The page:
This is a guest post by Dot Lyon.
Imagine these disheartening scenarios: Your department just suffered a round of layoffs and you need to rebuild morale. Your organization just lost a large contract and your staff is feeling deflated. A popular employee just quit and you are left to inspire others not to do the same. These negative events and many others cause countless managerial challenges. Organizations with low morale experience low productivity, high turnover and high absenteeism. Some employees become so disgruntled that they display insubordination towards their leaders or bitterness towards coworkers. Regardless of the destructive symptoms of low morale, there are promising cures. As leader, you stand in a position to guide employees to a better emotional place. Here’s how:
- Communicate. Work hard to develop better relationships with your employees. Make an effort to regularly walk around and chat with each employee to establish trust and develop good rapport. Ask employees how you can make their jobs easier. Hold informal, honest discussions to squelch rumors and speak frankly about the future.
- Remain enthusiastic. Become a good role model for others by building up your self-confidence and speaking optimistically. Help employees lighten up by adding laughter to the workplace. Gain perspective and strengthen bonds by spending time with your team doing community service.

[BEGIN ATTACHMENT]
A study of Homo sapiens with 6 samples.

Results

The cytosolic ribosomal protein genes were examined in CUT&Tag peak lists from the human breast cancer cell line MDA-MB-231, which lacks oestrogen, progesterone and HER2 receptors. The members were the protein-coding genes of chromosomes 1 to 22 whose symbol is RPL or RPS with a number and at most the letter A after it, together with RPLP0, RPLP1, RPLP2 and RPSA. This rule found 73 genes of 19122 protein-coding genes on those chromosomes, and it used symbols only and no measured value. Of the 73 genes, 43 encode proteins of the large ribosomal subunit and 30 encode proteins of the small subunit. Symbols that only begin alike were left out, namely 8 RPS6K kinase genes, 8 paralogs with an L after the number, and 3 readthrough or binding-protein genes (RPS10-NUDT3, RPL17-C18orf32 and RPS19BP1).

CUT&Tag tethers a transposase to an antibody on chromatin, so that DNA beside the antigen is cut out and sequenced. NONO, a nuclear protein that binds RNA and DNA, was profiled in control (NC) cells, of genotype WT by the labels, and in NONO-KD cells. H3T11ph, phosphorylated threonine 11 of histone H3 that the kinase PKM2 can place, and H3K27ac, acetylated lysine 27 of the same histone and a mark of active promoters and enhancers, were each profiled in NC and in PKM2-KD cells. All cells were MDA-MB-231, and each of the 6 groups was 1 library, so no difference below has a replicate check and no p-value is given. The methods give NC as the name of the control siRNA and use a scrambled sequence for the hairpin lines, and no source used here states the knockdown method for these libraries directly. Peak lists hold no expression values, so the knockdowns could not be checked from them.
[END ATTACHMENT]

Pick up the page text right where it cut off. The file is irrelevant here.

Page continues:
- Boost employee satisfaction and motivation. Empower employees to make more decisions. Offer more autonomy and encourage creative thinking. Give employees a higher sense of security by investing in ways for them to improve their skills.
- Celebrate. Reward employees who reach goals or exceed expectations. Try to establish several goals that will earn quick wins and boost confidence. Recognize both large and small accomplishments. Even simple gestures, such as short notes, personal voicemails and spontaneous snacks, make employees feel special and appreciated.
What are some things you have done to boost employee morale? [Image Source: Deepwater Horizon Response]
About the author: Dot Lyon is a freelance writer for organizations including Briefings Media Group. She previously wrote and edited for the Center for Chemistry Education at Miami University.